When Does Mental Illness Qualify for Workers’ Compensation?

Mental IllnessSimply put, mental illness almost always qualifies for workers’ compensation; it’s proving you developed a mental illness as a result of some element of your job that’s difficult.

There are two instances in which you need to prove your mental health condition is related to your job. These are when you’re suffering from a mental health condition 1) solely related to your job, and 2) related to your or another person’s work-related injury.

1. You’re Suffering From a Mental Illness

As mentioned above, it’s difficult to prove you’ve developed a mental health condition related to your job.

Because it’s so difficult, it’s extremely important to talk with a workers’ compensation attorney as soon as you suspect your mental health condition is a product of some element of your job. He or she will be able to advise you on whether you should:

  • Make an appointment with a doctor as soon as possible.
  • Seek a treatment from an actual mental health professional. Too often, people see family practitioners for mental health conditions such as depression, panic, and anxiety.
  • Gather documentation to prove all doctor appointments and prescriptions, including payments or co-payments.
  • Request a doctor’s report on your condition.
  • Summon your physician to testify in workers’ compensation court.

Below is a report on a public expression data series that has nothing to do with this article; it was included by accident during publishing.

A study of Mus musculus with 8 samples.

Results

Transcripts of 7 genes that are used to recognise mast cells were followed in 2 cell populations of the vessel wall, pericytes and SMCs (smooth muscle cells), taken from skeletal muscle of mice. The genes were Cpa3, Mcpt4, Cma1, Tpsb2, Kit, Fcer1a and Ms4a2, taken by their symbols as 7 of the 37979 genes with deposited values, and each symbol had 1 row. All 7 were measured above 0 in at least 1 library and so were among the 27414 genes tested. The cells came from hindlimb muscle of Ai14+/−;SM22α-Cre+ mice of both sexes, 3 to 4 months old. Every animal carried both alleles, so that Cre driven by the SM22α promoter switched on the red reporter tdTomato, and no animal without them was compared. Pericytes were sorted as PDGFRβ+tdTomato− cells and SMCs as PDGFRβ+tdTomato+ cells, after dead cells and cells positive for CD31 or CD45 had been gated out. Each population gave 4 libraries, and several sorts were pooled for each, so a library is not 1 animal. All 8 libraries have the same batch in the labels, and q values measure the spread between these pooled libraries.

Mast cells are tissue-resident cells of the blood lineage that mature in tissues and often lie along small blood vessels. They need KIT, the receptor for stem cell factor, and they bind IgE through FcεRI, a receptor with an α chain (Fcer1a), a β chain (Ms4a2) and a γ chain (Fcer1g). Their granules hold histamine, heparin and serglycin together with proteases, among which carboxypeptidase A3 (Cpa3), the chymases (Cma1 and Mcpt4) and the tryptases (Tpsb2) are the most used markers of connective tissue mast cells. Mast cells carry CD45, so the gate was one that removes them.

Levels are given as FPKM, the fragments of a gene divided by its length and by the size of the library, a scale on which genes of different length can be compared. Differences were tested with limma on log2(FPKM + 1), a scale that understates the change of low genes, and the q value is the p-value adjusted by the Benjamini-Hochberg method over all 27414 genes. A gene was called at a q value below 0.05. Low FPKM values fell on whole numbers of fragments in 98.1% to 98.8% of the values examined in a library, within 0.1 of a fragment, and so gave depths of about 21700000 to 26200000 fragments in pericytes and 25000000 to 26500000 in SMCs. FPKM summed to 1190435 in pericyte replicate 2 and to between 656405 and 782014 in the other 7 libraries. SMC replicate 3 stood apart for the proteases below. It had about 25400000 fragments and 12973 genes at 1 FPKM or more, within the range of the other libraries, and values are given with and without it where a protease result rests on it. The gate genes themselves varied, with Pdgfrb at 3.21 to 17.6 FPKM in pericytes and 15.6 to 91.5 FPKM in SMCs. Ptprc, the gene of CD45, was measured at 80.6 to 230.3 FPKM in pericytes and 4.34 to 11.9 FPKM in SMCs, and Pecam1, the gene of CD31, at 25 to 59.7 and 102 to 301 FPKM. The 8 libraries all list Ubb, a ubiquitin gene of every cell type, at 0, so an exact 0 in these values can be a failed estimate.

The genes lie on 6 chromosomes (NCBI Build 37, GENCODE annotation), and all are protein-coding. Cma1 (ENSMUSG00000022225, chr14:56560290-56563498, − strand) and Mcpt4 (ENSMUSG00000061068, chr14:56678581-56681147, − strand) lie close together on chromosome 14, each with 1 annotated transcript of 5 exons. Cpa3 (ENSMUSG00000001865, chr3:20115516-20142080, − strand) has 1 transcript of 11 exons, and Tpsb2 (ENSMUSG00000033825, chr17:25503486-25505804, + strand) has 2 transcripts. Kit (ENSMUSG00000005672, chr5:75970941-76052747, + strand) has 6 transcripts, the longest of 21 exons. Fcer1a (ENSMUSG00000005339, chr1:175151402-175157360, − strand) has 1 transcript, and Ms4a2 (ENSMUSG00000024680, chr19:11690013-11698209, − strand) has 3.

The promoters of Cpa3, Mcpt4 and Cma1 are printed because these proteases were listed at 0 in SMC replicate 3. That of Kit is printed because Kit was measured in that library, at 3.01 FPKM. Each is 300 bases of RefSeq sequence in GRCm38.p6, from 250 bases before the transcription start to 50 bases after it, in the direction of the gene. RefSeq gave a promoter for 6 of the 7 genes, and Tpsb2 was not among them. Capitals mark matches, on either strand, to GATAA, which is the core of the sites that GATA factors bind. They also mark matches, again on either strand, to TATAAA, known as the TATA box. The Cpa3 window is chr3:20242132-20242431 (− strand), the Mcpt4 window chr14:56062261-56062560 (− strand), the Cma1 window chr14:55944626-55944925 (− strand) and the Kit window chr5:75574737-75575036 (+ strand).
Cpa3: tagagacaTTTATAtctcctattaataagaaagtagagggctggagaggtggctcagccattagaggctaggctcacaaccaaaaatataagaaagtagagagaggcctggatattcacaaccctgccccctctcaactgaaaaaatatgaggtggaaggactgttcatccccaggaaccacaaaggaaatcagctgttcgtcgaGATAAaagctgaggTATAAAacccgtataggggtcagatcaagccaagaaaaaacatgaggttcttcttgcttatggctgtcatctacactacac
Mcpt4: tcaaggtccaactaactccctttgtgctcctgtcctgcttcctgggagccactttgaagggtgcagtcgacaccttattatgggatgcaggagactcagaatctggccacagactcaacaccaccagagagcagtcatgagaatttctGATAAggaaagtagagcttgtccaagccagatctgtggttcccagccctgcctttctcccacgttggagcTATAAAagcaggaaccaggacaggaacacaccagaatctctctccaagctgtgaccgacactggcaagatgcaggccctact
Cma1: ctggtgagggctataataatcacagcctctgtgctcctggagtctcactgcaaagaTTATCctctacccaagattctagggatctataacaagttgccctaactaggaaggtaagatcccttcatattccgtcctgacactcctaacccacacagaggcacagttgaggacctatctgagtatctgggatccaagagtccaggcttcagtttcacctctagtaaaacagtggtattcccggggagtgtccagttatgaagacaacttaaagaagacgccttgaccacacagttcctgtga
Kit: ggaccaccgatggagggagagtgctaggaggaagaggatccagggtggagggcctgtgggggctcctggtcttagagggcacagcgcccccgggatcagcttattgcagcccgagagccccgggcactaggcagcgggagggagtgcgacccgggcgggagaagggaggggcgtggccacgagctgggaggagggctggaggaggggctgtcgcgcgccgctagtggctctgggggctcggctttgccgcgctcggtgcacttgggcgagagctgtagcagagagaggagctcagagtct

These are just a few of the steps a workers’ compensation attorney might advise you on, of course; all procedures vary depending on your specific situation.

2. You Suffered an Injury That Led to Mental Illness

Again, proving that some element of your job led to mental health problems such as depression and severe stress is extremely difficult; however, the task becomes easier when you have a physical work-related injury to which you can tie it.

For example, you could suffer a heart attack, stroke, or broken leg on the job. Because it’s common for any of these injuries to leave you incapacitated for a while, it’s also common for them to lead to certain mental health conditions, such as depression.

If you can prove your physical work-related injury led to a mental health problem, you can obtain workers’ compensation for that mental health problem, too.

Going further, you could suffer a mental illness related to a co-worker’s work-related injury. For example, if you see a co-worker become injured it could lead you to experience disorders such as panic and anxiety.

You could even feel so sad about the situation that it leads to depression. Cases like these aren’t as easy to prove as if you were the one who experienced the injury, but they are easier to prove than if there were no injury at all.

It’s Time to Contact a Workers’ Compensation Attorney

Unlike physical injuries, you can’t actually see a mental health problem. Sure, you can see the symptoms, but proving the illness or condition is there is a whole other story.

That’s why it’s so important to contact an attorney who specializes in workers’ compensation laws, such as those of us at Scott J. Sternberg & Associates. Serving the West Palm Beach, Boca Raton, and Orlando areas, the law offices of Scott J. Sternberg & Associates employ highly skilled attorneys experienced in a variety of areas related to workers’ compensation, from identifying the injuries and pain associated with a workers’ compensation case to fighting for you to get every benefit to which you’re entitled.

Give us a call at (561)-687-5660 to schedule your free consultation today.